The 1950s was a time of prosperity, hope and fear of nuclear attack. Known as the decade of the “baby boom,” approximately 4 million babies were born annually during the decade. An investment in infrastructure such as new roads, computer technology and military advancements resulted in a burgeoning economy. New items were on the market and Americans were excited and ready to go shopping. The 1950s created a solid foundation for the country and a readiness for the social change of the 1960s.
The 1950s represented a substantial growth in suburban living. Mass availability of affordable homes and government assistance for returning soldiers in need of a mortgage made home ownership accessible for young families. Television was a focal point for family activities. Widely watched shows like, “Leave it to Beaver” and "Father Knows Best" established societal expectations for traditional roles of men as bread-winners and women as homemakers. Women interested in veering away from the housewife role began exploring options outside of the home. This set the stage for the 1960s feminist movement.
The 1950s had a few significant economic peaks and valleys. A slight recession in 1954, high inflation and unemployment rates as much as 6 percent represented difficult times. Steady growth in the second half of the century yielded a budget surplus in 1956, a drop in unemployment and a boom in consumer spending. Overseas demand for American goods offered an additional boost to the American economy. Middle-class Americans were able to buy appliances, cars and TVs, once reserved for the upper class. A drop in the cost of single-family homes meant a rise in home ownership.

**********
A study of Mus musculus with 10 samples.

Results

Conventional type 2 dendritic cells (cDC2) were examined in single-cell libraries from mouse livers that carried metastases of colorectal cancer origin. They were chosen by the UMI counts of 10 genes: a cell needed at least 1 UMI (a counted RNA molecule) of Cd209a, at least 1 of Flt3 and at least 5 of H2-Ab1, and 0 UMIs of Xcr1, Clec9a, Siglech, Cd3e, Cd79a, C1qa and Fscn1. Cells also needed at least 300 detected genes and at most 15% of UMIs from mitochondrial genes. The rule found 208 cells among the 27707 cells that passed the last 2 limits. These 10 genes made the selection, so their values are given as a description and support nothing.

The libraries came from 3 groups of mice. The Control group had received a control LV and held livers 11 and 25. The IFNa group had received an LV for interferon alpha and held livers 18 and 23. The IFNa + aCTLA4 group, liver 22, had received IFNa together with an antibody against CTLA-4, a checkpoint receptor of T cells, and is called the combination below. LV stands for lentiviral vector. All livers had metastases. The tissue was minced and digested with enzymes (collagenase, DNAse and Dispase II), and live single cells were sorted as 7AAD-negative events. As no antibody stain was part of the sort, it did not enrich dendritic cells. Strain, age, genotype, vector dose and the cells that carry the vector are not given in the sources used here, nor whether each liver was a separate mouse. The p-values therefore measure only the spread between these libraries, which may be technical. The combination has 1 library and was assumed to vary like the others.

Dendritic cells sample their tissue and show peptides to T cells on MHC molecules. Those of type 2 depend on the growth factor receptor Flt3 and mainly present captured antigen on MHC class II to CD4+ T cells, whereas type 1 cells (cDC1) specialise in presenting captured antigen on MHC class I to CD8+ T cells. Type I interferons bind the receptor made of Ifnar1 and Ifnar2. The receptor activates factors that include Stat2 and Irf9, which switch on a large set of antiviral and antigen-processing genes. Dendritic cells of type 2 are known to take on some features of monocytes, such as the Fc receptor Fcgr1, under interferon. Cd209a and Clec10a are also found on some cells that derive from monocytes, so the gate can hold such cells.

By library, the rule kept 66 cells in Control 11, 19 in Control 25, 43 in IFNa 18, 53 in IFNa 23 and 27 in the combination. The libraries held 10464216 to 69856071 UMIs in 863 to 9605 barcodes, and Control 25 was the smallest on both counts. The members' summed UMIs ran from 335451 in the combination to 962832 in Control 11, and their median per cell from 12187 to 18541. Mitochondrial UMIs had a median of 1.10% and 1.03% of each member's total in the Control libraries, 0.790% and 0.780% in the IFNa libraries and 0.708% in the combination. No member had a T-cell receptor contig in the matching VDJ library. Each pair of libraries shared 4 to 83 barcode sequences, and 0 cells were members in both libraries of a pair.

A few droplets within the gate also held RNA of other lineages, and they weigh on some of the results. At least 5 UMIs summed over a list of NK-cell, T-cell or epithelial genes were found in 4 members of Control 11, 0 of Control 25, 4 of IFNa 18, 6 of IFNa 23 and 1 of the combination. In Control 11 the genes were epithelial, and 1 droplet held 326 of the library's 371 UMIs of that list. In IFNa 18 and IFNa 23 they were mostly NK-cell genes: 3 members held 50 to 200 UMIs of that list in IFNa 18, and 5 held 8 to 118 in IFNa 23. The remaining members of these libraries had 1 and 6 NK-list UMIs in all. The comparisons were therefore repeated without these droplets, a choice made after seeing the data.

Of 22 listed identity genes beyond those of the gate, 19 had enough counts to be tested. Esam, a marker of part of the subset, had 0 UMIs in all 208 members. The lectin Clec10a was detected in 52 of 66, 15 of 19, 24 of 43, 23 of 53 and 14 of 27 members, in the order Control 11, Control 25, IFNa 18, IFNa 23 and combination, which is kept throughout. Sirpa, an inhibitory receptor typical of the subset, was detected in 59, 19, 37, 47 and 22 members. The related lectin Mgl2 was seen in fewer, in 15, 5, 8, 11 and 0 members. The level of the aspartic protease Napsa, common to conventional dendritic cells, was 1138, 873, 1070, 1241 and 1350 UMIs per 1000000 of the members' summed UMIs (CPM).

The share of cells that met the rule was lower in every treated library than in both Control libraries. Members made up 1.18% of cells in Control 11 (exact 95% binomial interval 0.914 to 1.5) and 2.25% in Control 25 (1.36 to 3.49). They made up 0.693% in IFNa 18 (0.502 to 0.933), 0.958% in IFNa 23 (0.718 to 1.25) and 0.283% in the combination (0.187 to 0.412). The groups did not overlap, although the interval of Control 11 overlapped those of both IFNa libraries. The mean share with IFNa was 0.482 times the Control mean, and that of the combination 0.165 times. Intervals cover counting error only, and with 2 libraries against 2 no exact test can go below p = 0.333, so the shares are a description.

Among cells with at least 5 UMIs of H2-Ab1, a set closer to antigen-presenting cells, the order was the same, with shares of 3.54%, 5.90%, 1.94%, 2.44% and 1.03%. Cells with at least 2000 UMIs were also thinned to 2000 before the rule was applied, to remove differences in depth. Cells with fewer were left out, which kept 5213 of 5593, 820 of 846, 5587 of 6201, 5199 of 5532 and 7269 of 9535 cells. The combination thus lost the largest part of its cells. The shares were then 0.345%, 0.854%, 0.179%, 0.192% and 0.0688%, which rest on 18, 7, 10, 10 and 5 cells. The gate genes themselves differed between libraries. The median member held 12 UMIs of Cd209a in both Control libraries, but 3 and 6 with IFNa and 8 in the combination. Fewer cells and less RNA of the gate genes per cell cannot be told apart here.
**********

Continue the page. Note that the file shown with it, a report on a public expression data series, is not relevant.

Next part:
The 1950s marked a dramatic change in policies and laws connected to civil rights. In 1954, the Supreme Court found school segregation unconstitutional in Brown v. Board of Education. In 1955, African-Americans in Montgomery, Alabama staged a 13-month bus boycott to demonstrate the need for desegregation in public transportation. The Civil Rights Act of 1957 resulted in the creation of a civil rights division at the federal level and further protection of voting rights for all citizens.
Tension between the Soviet Union and U.S. resulted in widespread fear of nuclear attack. Panic about the spread of communism was deepened with the beginning of the Korean War in 1950. Many middle class families built fallout shelters in hopes of surviving an atomic bomb. Schools taught children what to do in the event of an attack and literature about survival tactics was widely distributed. The government hoped that encouraging people to prepare would increase public support for investment in additional U.S. nuclear weapons.